The Clinton Foundation operated “more like a political operation” than a traditional charity, a lawyer warned in a memo marked “confidential” in 2008.

Bruce Lindsey, chairman of the foundation’s board of directors, sent the memo — an earlier draft of the final report — to Clinton family consiglieri Cheryl Mills in 2011. WikiLeaks released that email Saturday in its latest batch of communications hacked from the Gmail account of John Podesta, Hillary Clinton’s campaign chairman.

“The challenges and deficiencies plaguing the Foundation cannot be over-stated: They are real and undermine the organization’s effectiveness, immediately and more long term.”

Kumiki Gibson, who formerly served as then-Vice President Al Gore’s legal counsel, reviewed the foundation and found “fundamental organizational challenges and deficiencies that undermine its effectiveness, expose it to significant risk, and, ultimately, threaten its long-term survival.”

Gibson stated the issue in stark terms: “The challenges and deficiencies plaguing the Foundation cannot be over-stated: They are real and undermine the organization’s effectiveness, immediately and more long term.”

Gibson cited an “anti-compliance attitude of a couple of key managers,” adding that “several staff members virtually begged fro [sic] a stronger whistleblower policy and process.”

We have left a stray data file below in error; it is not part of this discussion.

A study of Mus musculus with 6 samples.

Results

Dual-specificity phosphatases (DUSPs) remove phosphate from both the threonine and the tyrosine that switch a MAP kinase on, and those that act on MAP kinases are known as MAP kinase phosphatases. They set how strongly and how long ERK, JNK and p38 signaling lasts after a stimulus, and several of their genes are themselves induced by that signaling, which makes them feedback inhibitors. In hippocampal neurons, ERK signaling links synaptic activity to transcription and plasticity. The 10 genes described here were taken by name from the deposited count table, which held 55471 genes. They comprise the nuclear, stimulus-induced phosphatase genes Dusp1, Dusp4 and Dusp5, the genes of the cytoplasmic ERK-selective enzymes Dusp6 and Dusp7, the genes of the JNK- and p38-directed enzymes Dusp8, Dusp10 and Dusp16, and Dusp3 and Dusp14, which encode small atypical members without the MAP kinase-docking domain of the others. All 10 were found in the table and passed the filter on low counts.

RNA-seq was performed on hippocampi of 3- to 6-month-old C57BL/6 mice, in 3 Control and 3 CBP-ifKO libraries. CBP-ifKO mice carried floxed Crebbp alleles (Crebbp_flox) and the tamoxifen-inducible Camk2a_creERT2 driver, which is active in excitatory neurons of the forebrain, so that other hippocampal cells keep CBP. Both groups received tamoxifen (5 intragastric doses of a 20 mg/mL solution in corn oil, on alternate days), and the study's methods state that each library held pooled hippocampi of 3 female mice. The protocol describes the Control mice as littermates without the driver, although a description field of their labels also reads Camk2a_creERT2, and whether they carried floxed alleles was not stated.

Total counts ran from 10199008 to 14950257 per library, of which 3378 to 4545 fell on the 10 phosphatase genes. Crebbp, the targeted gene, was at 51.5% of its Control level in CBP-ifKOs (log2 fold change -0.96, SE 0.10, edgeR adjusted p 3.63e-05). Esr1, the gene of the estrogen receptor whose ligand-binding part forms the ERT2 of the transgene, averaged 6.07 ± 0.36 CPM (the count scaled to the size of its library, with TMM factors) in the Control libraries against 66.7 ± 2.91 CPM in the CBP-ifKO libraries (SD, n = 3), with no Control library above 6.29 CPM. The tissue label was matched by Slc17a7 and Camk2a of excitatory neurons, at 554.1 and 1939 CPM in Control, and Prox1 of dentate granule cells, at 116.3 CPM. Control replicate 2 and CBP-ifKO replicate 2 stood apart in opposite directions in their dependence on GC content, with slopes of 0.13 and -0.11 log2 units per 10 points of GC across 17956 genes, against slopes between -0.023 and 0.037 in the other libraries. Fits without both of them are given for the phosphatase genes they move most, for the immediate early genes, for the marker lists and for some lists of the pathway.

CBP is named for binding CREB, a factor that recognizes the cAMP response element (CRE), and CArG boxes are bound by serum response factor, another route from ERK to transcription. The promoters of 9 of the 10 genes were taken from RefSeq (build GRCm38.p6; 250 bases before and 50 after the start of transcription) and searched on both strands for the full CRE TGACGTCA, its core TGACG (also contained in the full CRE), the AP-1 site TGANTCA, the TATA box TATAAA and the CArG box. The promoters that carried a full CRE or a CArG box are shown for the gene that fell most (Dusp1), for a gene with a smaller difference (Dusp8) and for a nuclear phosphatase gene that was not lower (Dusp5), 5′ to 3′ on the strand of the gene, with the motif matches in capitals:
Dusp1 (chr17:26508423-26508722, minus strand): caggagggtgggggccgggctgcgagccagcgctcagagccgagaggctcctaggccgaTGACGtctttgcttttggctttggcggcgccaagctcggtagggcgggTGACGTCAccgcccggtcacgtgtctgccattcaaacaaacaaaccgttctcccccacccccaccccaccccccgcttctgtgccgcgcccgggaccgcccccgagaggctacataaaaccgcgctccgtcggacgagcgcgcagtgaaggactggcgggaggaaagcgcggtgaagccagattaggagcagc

Gibson wrote that the foundation was not good at planning and that several managers lacked managerial experience and skills. She added that she did not know if managers did not know how to operate in an environment of rules and structure or if they simply preferred working without accountability or oversight.

“No matter what the cause, this disdain has resulted in a culture that under-values structure, controls, and compliance,” she wrote.


Without changes, Gibson warned, the foundation risked “reputational and legal challenges, and with confusion, inefficiencies, and waste.”


Gibson called out the head of the Harlem office for hiring and/or promoting interns despite the fact they they had no title or experience outside the organization. He wrote that least two senior managers tend to micromanage.

“This can lead to and has led to inconsistent and sometimes negative results,” he wrote.

The end result of the dysfunction was that the Clinton Foundation was losing talented employees.

“Finally, morale is low among the current staff,” she wrote. “Moreover, according to several members of the staff, the Foundation has lost some employees because of some of the issues identified in this report, including, specifically, the lack of clear priorities and of good managers.”